NCAA Tournament Elite 8 Recap - Michigan State vs Tennessee
(5) Michigan State 70, (6) Tennessee 69
The Izzone - known as the devoted student cheering section at Michigan State basketball games - will be in the zone at least one more time in this 2010 season.
Spartan diehards will be able to yell for their hardwood heroes in Indianapolis. In a very big domed stadium. On the first weekend of April.
Sounds about right.
For the sixth time in twelve years, Michigan State head coach Tom Izzo is headed to the NCAA Final Four. In the surest sign that winter barrenness is turning into the greenery of spring, the inimitable Izzo has once again taken the Green and White of Sparty to college basketball's biggest weekend.
Over the last dozen years, Tom Izzo has been to exactly half of the Final Fours. For some guys, making the Final Four is a career achievement. For Izzo, he can guarantee any recruits that they will be playing in a Final Four - every player that has been at MSU for four years under Izzo has done just that.
This Final Four just might be his most impressive one of all.
Kalin Lucas, the star, hasn't been playing over the past two games, and he missed the (photo) finish of MSU's second-round NCAA Tournament game against Maryland. Lucas tore his achilles against the Terps, rendering him out for the rest of the season. Delvon Roe is playing on sheer determination, as he has a torn meniscus in his knee. Chris Allen is hobbled by a sprained arch in his foot. Despite all of that, the Spartans just knocked off a very good basketball team in a great - not good, great - game at the Edward Jones Dome in St. Louis.
Both teams came out chucking, and came out on fire. They scored on the first 13 possessions of the game. The score was tied at 16 at the under-16 media timeout. The two teams combined to hit their first eight threes.
However, as you might expect in a game of this magnitude, the Spartans' game against the Tennessee Volunteers quickly devolved into a more defensive affair.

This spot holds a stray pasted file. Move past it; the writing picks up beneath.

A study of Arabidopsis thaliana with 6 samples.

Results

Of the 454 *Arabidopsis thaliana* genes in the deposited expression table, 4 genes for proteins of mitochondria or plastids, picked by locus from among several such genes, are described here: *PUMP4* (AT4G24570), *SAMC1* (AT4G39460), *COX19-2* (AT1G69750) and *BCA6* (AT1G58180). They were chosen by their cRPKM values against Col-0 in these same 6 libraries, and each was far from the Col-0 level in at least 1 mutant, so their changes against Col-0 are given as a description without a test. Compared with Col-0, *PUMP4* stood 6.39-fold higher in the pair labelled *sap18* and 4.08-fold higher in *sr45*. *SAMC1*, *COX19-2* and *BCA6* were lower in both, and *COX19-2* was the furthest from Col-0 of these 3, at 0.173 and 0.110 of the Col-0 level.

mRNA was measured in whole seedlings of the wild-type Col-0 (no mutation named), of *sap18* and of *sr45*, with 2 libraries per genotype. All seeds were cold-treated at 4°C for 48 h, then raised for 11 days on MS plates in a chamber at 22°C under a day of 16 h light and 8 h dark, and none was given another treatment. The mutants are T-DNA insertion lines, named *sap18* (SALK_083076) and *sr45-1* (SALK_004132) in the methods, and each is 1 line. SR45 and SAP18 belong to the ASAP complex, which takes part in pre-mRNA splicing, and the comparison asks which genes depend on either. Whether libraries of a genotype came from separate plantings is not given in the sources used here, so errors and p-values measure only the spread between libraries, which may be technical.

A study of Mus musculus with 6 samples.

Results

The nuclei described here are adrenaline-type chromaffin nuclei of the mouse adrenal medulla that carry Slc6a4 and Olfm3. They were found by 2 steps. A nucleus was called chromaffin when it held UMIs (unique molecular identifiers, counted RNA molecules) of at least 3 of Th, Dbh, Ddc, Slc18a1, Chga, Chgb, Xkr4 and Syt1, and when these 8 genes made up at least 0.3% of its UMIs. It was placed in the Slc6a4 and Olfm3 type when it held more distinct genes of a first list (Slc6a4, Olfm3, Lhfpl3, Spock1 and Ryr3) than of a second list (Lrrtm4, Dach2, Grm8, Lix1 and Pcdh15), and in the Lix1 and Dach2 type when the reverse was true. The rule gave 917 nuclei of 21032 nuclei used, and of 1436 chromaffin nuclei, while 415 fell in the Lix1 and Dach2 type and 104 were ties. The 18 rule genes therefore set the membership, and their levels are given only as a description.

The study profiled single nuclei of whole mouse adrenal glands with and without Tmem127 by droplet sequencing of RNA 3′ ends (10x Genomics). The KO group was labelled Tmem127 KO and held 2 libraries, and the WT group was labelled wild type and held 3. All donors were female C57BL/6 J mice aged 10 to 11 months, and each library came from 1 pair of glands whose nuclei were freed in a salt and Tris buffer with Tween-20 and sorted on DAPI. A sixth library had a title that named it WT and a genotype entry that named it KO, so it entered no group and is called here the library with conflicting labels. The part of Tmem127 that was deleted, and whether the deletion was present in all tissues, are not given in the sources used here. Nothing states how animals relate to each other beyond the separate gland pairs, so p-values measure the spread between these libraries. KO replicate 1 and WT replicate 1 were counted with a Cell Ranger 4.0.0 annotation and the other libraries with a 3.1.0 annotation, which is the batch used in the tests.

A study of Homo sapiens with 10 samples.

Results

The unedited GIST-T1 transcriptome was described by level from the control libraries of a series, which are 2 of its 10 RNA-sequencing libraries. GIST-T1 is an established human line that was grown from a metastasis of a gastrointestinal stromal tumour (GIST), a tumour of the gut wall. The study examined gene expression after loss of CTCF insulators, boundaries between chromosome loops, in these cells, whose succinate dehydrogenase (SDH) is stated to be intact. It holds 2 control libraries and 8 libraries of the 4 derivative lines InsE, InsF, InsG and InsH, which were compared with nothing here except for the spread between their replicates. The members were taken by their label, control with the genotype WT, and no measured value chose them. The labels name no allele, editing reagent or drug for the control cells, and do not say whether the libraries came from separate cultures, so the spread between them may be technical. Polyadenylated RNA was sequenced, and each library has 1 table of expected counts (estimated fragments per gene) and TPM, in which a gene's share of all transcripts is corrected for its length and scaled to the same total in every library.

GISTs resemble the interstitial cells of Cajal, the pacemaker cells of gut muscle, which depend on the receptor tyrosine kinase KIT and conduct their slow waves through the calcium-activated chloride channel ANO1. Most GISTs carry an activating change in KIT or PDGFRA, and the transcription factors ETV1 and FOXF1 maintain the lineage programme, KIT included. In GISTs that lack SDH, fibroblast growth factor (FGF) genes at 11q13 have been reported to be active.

This clamorous contest saw a grand total of 26 seconds of gameplay in which the score was not a one- or two-possession game. After his second dunk in as many possessions, Tennessee's J.P. Prince tried to draw a charge twice in the span of three seconds, picking up a blocking foul both times and heading to the bench with 16:21 remaining and the Vols holding a 47-42 lead.
The Spartans immediately responded, using a 17-4 run to take a 59-51 lead with 11:28 left in the game. That lead didn't last, however, as Prince tied the game with just under four minutes left at 66. MSU's Durrell Summers - who scored 21 points and was named the region's Most Outstanding Player (MOP) - knocked down a three with 2:52 left to break the tie. Tennessee's Brian Williams answered with an offensive rebound and a dunk with 2:12 left, making the score 69-68 in favor of Michigan State.
And then came the most suspenseful sequences at the end of this sensational showdown.
No one scored after the Williams putback dunk until UT's Scotty Hopson went to the line with 12 seconds left. He hit the first, but missed the second, tying the game.
At the other end, Tennessee lost track of Michigan State's Raymar Morgan, who was fouled by Prince on a four-foot shot attempt with 1.8 seconds left. Morgan - who received a terrific pass from unsung Spartan hero Draymond Green, hit the first shot to give Michigan State the lead before missing the second on purpose.
The intentional miss was a wise play. Even though only two tenths of a second melted off the clock, the Vols were in no position to score a two-point basket. Not with 1.6 seconds remaining and all 94 feet needing to be covered. The only shot UT was likely to get was a three, so MSU gained nothing by acquiring a two-point lead. It was far more valuable to miss the shot, which forced Tennessee and coach Bruce Pearl to call a timeout and - this is the part CBS commentators and other analysts missed - force the Vols to perform a stationary inbounds pass. After a made basket or foul shot, an inbounder can run the baseline and gain a much better passing angle. After anything other than a made shot, the inbounder can only move backwards, but not side to side on the baseline. Morgan's miss robbed the Vols of needed flexibility on their final play, and that's why Tom Izzo is such a master of the late-March pressure cooker.
Tennessee missed its desperation halfcourt heave at the final horn, and when the ball fell 12 feet short of the basket (Prince juggled the ball and never had a good grip on it), Sparty - thanks to its amazingly gifted coach - had just reminded folks that in college basketball, it actually IS easy being Green.
Michigan State will play the hometown Butler Bulldogs on Saturday evening in Indianapolis. Butler will be playing just five miles from its actual campus location, so it's odd that reports are saying that MSU - as the higher-rated No. 5 seed (both teams were fifth seeds in the NCAA Tournament) - will wear the home whites in the first national semifinal at Lucas Oil Stadium. Tip time is 6:07 p.m. Eastern.